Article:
Tax bill improves fairness at home and abroad

  • NZ joins global effort to ensure multinationals pay a minimum rate of tax
  • Tax on ACC, MSD lump sum payments changed to reduce amounts owing for some
  • KiwiSaver topups for child carers taking paid parental leave
  • Implementing changes to trustee tax and tax relief for flood-hit businesses

Several measures in a tax bill introduced today will lead to fairer outcomes for taxpayers here and overseas, Revenue Minister David Parker said today.

“The bill commits New Zealand to an OECD-led global tax initiative aimed at ensuring large multinationals pay a minimum tax rate of 15 per cent in participating countries. The aim is to stop a global “race to the bottom” among countries trying to entice the mobile capital of multinationals by slashing their tax rates.

“The GloBE tax measure is expected to raise only minimal revenue in New Zealand, where we have a 28 per cent corporate tax rate and a relatively robust international tax regime. This is about our country playing its part in this worthy global effort,” David Parker said.

“It also reduces the overseas compliance costs of New Zealand-based multinationals. When asked, they said they prefer to deal with Inland Revenue alone, rather than multiple overseas tax jurisdictions.

Smoothing tax on ACC, MSD lump sums

Another initiative, taking effect from 1 April 2024, deals with a fairness problem around the tax treatment of backdated lump sum payments from ACC and MSD.

“Currently, the tax system treats such payments as income in the year they receive it.  This means recipients might have to pay more tax than if they had received the payment in smaller instalments over a longer period.

“The change in this bill smooths the tax treatment of ACC lump sums, so that the recipient pays the average of their applicable tax rate over the previous four years. This may be a considerable saving for some people.

“This has been a long-standing concern, and I am pleased to be able to announce a remedy today,” David Parker said.

KiwiSaver boost for paid parental leave

A further change will help the savings rates of women in the main, who typically retire with a smaller savings nest egg than their male counterparts.

“Child carers often take paid parental leave, but this can put the brakes on their KiwiSaver contributions. Recognising this, the Government will pay a three per cent contribution to the KiwiSaver accounts of paid parental leave recipients, provided they continue to make their own contributions to KiwiSaver while on leave.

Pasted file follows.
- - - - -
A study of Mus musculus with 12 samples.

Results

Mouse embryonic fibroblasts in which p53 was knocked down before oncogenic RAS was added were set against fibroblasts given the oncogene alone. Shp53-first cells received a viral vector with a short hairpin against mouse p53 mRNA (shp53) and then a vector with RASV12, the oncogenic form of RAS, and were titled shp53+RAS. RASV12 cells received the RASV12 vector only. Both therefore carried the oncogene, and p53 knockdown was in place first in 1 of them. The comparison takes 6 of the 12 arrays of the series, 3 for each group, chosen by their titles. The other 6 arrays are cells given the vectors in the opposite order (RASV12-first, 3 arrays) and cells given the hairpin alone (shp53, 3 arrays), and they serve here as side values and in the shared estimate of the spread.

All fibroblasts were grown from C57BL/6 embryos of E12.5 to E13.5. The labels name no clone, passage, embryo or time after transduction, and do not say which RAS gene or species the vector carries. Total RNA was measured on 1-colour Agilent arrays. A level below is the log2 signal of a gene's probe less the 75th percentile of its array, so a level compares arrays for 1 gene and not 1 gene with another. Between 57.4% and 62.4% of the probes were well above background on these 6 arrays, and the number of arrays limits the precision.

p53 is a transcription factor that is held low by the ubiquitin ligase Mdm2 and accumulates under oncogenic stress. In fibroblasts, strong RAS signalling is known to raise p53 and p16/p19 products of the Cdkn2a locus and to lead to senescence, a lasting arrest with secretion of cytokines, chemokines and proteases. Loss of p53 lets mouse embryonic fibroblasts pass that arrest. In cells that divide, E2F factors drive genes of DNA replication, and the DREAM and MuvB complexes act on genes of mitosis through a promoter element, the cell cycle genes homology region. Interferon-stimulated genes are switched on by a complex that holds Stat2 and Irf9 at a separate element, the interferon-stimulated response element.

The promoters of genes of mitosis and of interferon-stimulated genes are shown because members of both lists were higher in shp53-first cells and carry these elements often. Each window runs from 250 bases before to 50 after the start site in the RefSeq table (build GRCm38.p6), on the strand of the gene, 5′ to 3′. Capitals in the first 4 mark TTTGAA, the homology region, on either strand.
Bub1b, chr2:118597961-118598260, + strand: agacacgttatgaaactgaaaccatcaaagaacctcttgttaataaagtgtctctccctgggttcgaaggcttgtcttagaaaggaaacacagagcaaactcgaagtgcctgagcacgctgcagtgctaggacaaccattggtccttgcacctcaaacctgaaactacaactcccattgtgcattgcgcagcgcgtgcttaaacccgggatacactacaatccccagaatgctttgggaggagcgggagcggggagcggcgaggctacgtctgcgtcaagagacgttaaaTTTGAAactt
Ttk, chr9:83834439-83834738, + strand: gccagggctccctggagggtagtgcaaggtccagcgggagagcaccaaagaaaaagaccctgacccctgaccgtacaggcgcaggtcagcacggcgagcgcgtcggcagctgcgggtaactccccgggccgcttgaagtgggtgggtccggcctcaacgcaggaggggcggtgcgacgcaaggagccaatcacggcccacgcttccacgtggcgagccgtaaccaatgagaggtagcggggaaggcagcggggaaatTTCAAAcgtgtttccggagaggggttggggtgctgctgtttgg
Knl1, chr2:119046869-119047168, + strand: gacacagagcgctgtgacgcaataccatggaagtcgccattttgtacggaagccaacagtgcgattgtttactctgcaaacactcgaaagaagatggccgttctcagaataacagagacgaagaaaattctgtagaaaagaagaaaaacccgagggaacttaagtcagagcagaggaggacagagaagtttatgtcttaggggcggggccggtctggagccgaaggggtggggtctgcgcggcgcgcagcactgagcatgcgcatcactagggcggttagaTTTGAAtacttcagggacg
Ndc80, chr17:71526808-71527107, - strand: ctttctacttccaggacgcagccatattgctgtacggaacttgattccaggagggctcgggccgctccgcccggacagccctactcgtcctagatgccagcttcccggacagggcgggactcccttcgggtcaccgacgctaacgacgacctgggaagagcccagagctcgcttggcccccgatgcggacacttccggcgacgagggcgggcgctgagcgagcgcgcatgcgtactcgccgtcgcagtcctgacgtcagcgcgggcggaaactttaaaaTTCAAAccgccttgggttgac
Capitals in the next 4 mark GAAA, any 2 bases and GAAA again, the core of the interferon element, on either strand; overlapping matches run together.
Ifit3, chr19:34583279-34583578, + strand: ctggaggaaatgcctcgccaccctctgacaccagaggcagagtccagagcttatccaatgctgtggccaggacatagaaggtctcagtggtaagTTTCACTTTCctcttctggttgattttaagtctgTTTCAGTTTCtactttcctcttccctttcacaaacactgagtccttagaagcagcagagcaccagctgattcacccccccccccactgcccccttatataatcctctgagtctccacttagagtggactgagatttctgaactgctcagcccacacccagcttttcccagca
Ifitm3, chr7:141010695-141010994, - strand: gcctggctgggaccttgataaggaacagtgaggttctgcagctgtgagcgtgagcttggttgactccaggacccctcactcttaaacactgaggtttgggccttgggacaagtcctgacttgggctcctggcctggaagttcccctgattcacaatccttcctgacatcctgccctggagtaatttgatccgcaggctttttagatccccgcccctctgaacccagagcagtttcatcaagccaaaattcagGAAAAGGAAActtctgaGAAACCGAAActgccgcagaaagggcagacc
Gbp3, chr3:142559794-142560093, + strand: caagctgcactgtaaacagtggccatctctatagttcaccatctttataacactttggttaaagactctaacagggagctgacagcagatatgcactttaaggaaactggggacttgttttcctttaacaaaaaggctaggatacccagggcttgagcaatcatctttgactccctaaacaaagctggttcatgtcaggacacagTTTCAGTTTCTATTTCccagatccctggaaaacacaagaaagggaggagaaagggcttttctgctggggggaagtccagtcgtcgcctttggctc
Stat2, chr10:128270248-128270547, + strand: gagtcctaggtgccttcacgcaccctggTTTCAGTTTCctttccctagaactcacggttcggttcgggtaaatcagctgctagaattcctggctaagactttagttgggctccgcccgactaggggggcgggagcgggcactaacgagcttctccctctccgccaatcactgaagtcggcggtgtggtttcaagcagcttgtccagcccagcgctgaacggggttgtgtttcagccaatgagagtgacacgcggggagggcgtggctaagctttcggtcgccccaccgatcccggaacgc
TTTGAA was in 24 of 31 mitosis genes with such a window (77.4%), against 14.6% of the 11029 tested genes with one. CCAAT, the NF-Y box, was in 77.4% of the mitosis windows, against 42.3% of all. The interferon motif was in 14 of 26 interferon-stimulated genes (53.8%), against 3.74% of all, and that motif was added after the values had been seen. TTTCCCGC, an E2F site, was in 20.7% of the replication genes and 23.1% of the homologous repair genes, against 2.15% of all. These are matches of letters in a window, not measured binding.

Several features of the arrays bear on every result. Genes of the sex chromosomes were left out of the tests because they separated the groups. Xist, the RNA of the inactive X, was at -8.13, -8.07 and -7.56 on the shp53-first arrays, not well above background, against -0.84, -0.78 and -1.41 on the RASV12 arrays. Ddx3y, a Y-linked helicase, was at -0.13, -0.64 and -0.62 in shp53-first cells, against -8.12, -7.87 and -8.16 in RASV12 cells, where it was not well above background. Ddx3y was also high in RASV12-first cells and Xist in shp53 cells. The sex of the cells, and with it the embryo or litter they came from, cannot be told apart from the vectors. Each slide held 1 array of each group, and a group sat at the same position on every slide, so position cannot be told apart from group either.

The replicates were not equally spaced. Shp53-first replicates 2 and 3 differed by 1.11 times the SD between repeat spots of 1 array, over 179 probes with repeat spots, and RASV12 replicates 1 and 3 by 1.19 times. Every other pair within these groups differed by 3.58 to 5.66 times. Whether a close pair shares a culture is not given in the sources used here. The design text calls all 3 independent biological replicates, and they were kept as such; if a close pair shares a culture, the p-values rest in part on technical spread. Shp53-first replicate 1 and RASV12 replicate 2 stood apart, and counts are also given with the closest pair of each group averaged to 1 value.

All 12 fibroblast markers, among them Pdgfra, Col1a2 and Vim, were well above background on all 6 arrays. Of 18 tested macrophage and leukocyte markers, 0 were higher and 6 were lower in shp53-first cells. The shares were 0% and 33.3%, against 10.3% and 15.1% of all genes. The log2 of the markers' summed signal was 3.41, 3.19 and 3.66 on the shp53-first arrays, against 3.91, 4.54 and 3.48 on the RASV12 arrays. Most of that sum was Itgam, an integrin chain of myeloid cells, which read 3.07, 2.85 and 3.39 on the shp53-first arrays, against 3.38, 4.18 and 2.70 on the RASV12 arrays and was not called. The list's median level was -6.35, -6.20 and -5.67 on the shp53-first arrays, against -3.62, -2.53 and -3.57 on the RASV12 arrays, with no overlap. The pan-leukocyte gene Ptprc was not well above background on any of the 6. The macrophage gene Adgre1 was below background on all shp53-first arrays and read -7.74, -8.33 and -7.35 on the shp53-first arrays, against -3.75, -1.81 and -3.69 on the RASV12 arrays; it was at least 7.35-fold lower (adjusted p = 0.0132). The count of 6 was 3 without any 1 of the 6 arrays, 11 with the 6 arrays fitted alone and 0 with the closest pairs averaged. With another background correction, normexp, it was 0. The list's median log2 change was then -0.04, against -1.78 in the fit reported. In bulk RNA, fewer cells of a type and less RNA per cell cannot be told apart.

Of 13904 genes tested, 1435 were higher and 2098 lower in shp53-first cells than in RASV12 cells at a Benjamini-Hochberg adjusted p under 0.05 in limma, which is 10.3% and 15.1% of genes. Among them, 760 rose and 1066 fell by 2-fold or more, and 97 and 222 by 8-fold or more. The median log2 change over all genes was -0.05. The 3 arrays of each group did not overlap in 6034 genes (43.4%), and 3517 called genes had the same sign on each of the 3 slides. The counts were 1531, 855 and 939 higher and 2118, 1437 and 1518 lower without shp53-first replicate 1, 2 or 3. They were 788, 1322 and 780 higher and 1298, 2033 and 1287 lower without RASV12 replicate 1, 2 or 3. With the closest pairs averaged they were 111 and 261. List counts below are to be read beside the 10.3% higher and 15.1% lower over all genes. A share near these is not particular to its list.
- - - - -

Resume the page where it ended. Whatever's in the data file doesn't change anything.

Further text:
“Good childcare is important, but it is often unpaid. This small top-up helps redress the imbalance with others, normally males, who do not take extended childcare leave.”

Implementing other changes to trustee tax, tax relief for flood-hit businesses

The bill also gives effect to the trustee tax change announced in the Budget, and to tax relief for flood-hit businesses that I announced last month.

“The trustee tax change will align the trustee tax rate with the top personal tax rate of 39 per cent. There is evidence that high income earners have shifted their income to trusts to avoid the top personal rate.

“This change will mainly affect the super-trusts of the super-wealthy. In the 2021 tax year, 5 per cent of all trusts that earned some income earned 78 per cent of all trustee income. The change does not ordinarily target smaller family trusts, who can continue to use existing rules to allocate trust income to beneficiaries to be taxed at their personal rates.

“The bill also implements a measure allowing businesses who receive insurance or compensation for their flood-damaged assets to have tax on those payments deferred.

“There are a number of other small tidy-up measures in the Taxation (Annual Rates for 2023-24, Multinational Tax, and Remedial Matters) Bill.

“Taken together, the underlying theme of the measure in this bill is adjusting the system to achieve fairer results for taxpayers,” David Parker said.